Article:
The New Civil War


The fight was selling illustrated histories by direct mail—which meant that rather than exposing your book to the infinite perils of critics, distributors, and stores, you worked up a compelling brochure, mailed it to potential customers, and persuaded them to commit in advance.

For a while, American Heritage was the only company to do this. But now we had been joined in the field (I’ll drop the military metaphor before I have to write the word routed ) by such formidable competitors as Time Inc., which was not only putting out splendid illustrated histories but doing so by the series.

Jane and I and the rest of us in the division were struggling to produce a viable title. Some of our efforts were grisly (we were ordered to put together something called The American Girl , which, Jane and I felt confident, would receive in 1977—a year not lacking in feminist consciousness—about the same greeting MeI Brooks’s producers expected for their show Springtime for Hitler ), and some were fine (a compilation of photographs from the Library of Congress, selected by Oliver Jensen). None of them sold very well, but we kept going—largely, I think, because we were following the will-o’-the-wisp of a book that had been published nearly twenty years earlier: The American Heritage Picture History of the Civil War .

It was superb. Our founding editor Bruce Catton wrote the text; it was illustrated as no previous Civil War history had ever been; it won a special citation from the Pulitzer committee. And the public responded; I have no idea how many people bought it, but old records show it proved worth our while to send out thirteen million brochures.

This book has remained so durable a standard that it seemed faintly shocking to me when Viking proposed working with us and Byron Preiss Visual Publications to bring out a new edition. But as the project went forward, I began to see why it was time. The decades that have passed since the book came out have not brought advances in the kind of prose that Bruce Catton wrote, but they have enlarged the idea of what constitutes a pictorial history.

The new edition, many years in the making, began with Stephen W. Sears, a Civil War historian deeply interested in the conflict’s visual legacy, planning how best to augment the original text. The project grew, and in the end, under the direction of James M. McPheron, whose own Battle Cry of Freedom: The Civil War Era won him a Pulitzer Prize in 1989, and Noah Andre Trudeau, evolved into The American Heritage New History of the Civil War .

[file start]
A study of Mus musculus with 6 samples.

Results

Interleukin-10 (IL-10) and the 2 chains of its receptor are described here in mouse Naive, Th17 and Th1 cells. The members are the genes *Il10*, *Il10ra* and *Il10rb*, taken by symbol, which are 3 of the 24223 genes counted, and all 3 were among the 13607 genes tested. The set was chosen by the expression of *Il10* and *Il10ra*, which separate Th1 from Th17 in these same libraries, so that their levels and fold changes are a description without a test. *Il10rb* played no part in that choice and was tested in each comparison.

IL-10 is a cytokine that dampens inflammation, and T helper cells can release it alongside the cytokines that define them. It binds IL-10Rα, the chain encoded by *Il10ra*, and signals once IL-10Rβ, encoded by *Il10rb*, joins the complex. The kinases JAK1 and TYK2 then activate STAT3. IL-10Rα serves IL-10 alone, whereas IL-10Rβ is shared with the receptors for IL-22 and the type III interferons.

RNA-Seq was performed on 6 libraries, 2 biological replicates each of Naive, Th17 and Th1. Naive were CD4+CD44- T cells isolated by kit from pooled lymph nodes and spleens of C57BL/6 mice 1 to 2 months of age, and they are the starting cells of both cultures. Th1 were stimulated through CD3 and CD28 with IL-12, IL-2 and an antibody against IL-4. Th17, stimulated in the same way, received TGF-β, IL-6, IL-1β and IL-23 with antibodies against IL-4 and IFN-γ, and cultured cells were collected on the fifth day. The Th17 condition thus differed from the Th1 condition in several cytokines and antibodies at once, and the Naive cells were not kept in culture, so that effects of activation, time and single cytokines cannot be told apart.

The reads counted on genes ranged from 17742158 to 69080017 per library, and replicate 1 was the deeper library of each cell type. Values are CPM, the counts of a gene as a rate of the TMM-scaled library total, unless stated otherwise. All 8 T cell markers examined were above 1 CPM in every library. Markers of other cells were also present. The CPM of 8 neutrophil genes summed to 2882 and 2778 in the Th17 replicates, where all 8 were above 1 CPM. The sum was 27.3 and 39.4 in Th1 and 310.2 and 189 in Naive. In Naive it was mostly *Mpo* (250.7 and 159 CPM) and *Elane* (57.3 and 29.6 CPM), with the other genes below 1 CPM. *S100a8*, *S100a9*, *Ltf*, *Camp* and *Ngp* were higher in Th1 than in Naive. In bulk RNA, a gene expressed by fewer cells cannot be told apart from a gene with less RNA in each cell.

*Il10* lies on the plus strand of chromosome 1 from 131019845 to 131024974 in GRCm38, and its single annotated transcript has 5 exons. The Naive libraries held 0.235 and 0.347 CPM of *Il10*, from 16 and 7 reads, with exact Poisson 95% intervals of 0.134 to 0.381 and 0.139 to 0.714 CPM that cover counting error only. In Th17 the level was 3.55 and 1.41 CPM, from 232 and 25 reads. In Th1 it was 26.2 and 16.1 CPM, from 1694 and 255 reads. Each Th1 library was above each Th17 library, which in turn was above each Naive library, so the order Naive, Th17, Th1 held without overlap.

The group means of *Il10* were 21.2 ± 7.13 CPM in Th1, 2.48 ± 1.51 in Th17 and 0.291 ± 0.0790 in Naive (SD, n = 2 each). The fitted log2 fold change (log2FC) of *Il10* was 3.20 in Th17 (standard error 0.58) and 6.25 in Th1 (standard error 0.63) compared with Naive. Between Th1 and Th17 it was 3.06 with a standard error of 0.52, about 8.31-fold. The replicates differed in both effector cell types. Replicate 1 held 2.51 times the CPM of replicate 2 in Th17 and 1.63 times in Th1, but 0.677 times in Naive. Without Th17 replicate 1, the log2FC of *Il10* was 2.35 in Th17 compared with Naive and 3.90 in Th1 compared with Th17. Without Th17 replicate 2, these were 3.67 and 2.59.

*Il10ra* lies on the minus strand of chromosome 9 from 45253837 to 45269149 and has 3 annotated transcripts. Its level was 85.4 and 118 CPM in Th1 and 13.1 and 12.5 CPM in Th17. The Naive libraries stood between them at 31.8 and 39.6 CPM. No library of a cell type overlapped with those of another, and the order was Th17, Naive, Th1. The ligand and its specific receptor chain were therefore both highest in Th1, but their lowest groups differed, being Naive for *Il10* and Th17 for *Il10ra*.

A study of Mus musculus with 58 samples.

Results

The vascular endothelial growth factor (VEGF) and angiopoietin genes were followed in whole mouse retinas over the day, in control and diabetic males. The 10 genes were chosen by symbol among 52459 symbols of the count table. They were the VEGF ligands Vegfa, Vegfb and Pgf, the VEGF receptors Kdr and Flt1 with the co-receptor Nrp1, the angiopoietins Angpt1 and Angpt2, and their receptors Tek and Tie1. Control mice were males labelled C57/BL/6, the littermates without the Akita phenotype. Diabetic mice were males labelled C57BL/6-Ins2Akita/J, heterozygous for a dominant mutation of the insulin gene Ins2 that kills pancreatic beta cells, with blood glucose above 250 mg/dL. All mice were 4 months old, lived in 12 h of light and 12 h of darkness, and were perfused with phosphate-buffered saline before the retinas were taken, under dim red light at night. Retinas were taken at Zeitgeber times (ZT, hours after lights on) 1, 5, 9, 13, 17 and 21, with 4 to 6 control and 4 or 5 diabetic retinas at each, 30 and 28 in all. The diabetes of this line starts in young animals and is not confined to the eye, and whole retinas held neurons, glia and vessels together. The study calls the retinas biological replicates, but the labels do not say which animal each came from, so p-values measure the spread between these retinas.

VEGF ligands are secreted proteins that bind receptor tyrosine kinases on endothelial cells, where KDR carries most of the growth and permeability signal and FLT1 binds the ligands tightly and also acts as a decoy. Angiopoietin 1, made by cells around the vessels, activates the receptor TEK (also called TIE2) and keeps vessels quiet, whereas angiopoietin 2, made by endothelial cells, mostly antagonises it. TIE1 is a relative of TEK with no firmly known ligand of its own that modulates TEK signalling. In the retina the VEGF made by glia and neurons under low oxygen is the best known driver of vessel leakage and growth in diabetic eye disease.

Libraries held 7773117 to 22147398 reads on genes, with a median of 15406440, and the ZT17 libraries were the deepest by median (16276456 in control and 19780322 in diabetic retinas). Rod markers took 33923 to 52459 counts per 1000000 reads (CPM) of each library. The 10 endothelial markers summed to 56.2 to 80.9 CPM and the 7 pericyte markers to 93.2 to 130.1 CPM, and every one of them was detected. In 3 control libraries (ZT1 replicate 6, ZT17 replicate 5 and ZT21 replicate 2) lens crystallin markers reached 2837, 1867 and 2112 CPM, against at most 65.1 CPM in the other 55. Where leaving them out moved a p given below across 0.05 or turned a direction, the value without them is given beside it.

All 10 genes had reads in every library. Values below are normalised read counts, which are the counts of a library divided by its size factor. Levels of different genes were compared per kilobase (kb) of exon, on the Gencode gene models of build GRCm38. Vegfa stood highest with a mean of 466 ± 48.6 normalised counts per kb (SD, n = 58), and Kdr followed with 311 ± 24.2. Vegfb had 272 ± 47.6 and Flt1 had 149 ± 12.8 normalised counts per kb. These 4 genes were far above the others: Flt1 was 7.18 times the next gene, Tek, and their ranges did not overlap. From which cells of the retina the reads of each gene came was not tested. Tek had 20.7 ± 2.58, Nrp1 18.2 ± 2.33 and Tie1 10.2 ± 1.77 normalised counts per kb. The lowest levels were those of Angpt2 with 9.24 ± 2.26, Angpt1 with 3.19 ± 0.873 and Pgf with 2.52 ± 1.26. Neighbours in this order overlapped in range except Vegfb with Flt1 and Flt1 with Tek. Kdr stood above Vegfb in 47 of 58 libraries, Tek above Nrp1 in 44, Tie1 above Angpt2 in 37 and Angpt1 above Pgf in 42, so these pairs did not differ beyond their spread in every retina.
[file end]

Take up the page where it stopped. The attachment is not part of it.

It’s here now, and really is new—and very fine too. This work should stand as the definitive single-volume history of the war well into the next millennium. Hundreds upon hundreds of paintings, drawings, and photographs tell the story of the conflict, from self-consciously idyllic canvases of the prosperous nation it was about to fragment through grand set pieces (a painting by Paul Philippoteaux—who did the famous Gettysburg cyclorama—of Grant at Fort Donelson that suggests all the general’s patient, unshowy strength) and amateur efforts (an eerie, prim little view of Camp Douglas by a Pennsylvania private that gives no hint of the fact that Confederate prisoners of war were dying there at the rate of eighteen a day) on through to Alfred Waud’s affecting eyewitness pencil sketch of Lee riding away from the McLean House at Appomattox.

The pictures are accompanied by lively and informative captions full enough actually to form a separate text—a narrative longer, indeed, than Catton’s original one. But it is Catton’s text that is at the moral heart of the work, and it flows through the new marshaling of pictures and eyewitness accounts, lucid, melancholy, wholly idiomatic yet lit with restrained poetry. Here is his summary of what the war left behind: “And, finally, there was the simple memory of personal valor—the enduring realization that when the great challenge comes, the most ordinary people can show that they value something more than they value their own lives. When the last of the veterans had gone, and the sorrows and bitterness which the war created had at last worn away, this memory remained. The men who fought in the Civil War, speaking for all Americans, had said something the country could never forget.”